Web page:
Tracking the trust

Tracking app brings negativity to teens


Photo by Brooke Knight

With parents checking on their teens whereabouts, this can cause stress for their child.

Story by Reese Langdon, staff writer

As teens become seemingly more rebellious, parents are looking for new ways to keep track of their children’s every move. Life360 was created in 2008 and has become increasingly popular due to concerned parents wanting to observe their household members’ whereabouts. 

Life360 has been a topic of controversy because many teens feel like what is supposed to be the best years of their lives are being stripped away from them by this app. The kids who were forced to download Life360, and hate it, view it as a drain on their life. 

“It is a nuisance, and I don’t like it when my overbearing parents want to know my every move,” sophomore Daniel Lee said.

Life360 not only shows the current locations of its users, but also the speed at which they are driving, where they have gone and sends notifications when a family member leaves a designated location. 

“I hate Life360 because my mom checks it constantly. She is always texting me saying I am driving too fast even if I am going the speed limit,” junior Jordan Crouch said. 

Life360 is far from foolproof though. There are loopholes and glitches that can cause more stress than take away. Life360 is teaching some kids how to sneak around and become untruthful to their parents. Turning your location off takes no genius, and glitches that put kids in random places defeats the purpose of trying to ease parents’ worry. 

My mom thought I was stuck in a ditch because the program paused somewhere on the side of the road. She started freaking out,” freshman Ella Graham said. “I was already to the place I was going to.”

Though most teens wish they did not have Life360, some enjoy the assurance that their parents know where they are. It makes some kids feel safe and can be quite convenient.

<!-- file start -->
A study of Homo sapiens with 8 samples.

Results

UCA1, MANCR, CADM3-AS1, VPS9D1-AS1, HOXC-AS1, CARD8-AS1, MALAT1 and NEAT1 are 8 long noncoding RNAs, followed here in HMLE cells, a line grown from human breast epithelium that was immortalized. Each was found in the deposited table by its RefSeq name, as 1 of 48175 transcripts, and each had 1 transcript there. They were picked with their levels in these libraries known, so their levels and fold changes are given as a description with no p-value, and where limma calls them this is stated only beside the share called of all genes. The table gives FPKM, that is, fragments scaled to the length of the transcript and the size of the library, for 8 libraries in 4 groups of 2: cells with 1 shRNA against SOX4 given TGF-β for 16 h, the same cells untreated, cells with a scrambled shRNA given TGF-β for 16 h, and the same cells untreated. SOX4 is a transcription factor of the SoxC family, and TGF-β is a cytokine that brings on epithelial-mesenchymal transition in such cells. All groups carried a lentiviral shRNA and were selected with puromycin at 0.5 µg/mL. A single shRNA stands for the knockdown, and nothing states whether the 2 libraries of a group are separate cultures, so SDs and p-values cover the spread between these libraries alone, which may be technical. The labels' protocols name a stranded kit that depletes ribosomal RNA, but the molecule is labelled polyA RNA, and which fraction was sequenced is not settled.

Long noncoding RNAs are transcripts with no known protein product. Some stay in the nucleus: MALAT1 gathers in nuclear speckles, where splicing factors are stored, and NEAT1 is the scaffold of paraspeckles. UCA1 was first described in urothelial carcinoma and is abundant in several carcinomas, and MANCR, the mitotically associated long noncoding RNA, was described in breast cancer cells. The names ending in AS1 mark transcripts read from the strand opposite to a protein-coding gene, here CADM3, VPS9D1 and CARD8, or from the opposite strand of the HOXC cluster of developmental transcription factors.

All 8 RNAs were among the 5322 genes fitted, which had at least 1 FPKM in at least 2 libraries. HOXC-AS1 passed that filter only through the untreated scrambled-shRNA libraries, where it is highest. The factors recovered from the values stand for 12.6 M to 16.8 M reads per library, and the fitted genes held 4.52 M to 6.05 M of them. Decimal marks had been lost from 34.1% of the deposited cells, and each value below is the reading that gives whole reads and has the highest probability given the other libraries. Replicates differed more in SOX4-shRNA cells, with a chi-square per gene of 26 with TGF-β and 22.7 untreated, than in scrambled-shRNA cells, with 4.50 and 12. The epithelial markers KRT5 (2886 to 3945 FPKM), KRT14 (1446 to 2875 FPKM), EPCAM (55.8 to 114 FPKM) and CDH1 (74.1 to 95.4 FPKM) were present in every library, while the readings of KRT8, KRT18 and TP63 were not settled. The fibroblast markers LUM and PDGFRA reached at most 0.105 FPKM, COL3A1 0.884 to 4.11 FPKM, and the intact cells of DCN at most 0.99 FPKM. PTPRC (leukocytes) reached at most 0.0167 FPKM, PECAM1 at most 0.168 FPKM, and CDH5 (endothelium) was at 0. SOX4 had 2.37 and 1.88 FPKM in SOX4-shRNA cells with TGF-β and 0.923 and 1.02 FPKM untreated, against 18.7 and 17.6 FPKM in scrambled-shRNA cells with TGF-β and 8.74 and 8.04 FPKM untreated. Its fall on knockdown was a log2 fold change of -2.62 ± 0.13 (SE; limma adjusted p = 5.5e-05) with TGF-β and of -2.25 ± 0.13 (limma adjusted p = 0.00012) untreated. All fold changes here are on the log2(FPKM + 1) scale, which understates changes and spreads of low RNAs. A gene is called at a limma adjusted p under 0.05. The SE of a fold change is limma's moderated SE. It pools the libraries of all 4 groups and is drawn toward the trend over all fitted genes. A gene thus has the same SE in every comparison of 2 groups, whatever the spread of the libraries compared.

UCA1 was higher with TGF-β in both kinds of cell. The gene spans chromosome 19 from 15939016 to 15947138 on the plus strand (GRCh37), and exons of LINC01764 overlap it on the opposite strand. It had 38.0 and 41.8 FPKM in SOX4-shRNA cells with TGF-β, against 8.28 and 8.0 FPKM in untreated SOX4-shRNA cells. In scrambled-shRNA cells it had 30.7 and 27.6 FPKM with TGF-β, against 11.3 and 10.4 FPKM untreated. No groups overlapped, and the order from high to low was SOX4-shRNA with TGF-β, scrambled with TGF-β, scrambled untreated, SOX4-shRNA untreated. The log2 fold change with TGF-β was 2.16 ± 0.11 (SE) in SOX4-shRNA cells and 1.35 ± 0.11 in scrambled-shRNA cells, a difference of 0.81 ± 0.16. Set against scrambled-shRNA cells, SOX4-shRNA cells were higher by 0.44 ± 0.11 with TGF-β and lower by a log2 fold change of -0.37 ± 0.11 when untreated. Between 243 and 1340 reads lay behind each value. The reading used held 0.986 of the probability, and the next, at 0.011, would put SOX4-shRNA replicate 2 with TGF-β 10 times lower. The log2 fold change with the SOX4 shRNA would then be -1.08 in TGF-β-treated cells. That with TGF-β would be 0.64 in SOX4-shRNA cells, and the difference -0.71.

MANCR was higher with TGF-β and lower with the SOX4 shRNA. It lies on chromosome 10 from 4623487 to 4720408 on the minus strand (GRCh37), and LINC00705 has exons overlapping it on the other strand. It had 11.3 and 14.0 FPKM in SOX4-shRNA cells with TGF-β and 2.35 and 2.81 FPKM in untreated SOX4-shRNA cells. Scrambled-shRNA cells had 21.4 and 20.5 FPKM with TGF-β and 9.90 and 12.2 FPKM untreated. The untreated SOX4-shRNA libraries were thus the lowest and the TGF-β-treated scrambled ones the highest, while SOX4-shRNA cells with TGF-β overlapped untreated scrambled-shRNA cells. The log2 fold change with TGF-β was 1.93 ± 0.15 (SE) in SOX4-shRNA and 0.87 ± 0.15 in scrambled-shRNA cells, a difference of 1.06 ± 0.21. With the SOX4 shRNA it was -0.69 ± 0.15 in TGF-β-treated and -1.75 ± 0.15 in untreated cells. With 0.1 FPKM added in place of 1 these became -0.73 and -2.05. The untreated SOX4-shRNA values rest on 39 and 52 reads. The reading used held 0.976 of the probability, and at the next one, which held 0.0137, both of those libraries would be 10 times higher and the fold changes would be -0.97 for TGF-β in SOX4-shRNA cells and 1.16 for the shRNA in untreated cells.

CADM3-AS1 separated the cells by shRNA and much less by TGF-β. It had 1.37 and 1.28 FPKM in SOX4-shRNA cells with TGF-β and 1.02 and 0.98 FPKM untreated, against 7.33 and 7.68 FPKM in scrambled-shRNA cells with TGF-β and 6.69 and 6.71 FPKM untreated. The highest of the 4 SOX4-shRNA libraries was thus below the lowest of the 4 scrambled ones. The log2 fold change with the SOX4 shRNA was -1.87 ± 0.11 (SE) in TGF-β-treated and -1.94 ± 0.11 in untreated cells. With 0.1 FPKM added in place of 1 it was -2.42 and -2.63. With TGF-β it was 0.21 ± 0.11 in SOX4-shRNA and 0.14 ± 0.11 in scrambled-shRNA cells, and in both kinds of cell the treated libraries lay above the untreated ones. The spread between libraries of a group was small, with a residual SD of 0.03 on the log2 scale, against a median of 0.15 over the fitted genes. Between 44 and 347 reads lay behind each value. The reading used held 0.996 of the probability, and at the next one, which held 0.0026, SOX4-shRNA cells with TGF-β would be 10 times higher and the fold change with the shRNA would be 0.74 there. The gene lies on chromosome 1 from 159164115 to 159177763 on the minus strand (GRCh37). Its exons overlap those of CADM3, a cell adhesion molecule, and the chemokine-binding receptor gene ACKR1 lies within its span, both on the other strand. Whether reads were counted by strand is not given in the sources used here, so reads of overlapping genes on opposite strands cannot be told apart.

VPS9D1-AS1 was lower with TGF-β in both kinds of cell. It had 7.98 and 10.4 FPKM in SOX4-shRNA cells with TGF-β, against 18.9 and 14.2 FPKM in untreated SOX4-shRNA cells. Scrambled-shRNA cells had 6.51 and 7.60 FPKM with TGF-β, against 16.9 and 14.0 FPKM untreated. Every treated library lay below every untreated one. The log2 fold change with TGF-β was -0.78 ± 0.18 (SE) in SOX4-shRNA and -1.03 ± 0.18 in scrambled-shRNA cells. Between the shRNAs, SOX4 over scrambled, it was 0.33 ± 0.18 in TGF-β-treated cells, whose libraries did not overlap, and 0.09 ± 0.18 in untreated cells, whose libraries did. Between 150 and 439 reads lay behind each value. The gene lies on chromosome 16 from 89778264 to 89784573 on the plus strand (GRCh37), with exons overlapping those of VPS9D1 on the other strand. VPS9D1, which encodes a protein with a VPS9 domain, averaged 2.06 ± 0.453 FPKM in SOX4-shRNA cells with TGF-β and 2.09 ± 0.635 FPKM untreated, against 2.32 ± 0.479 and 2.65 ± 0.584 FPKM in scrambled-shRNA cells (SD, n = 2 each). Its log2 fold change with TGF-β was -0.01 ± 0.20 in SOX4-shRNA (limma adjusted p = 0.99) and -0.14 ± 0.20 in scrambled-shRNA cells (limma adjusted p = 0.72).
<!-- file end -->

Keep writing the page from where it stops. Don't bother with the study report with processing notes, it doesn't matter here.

“Life360 doesn’t bother me because I’m usually doing what I’m supposed to. It’s also a useful tool, so my parents can help find me; [For example], if something happens or my car breaks down,” junior Emma Burns said.

It’s also like a safety thing. I want to be safe. I want people to know where I am.”

— Emma Burns, junior

Life360 doesn’t just let parents watch over their kids, the kids can observe their parents’ location as well. 

“Well, I have separation anxiety, so I like to know where my family is and that they’re safe,” sophomore Destiney Deblouw said.

Even though phones are convenient for communicating purposes, for some families, a text or a call is not enough to find out where their other family members are located. Life360 can help with that. 

“It really doesn’t bother me because it’s really only used to tell where my parents are, so if I need help with something they can be there,” freshman Cole Gideon said. “It is actually pretty convenient.”

Life360 is not limited to just family groups; it can also be used between concerned and caring friends. Some friend groups at our school share a Life360 to ensure safety and make forming plans easier. 

“I like having Life360 with my friends because it’s convenient when we’re going to meet up, when they’re coming over or to make sure they made it home safe after an event,” sophomore Monika Garcia said. 

So is Life360 a problem starter or solver? Do the pros outweigh the cons for obsessive parents? Or can it be found useful in different ways? With the number of people downloading Life360 being over 18 million, some must think so.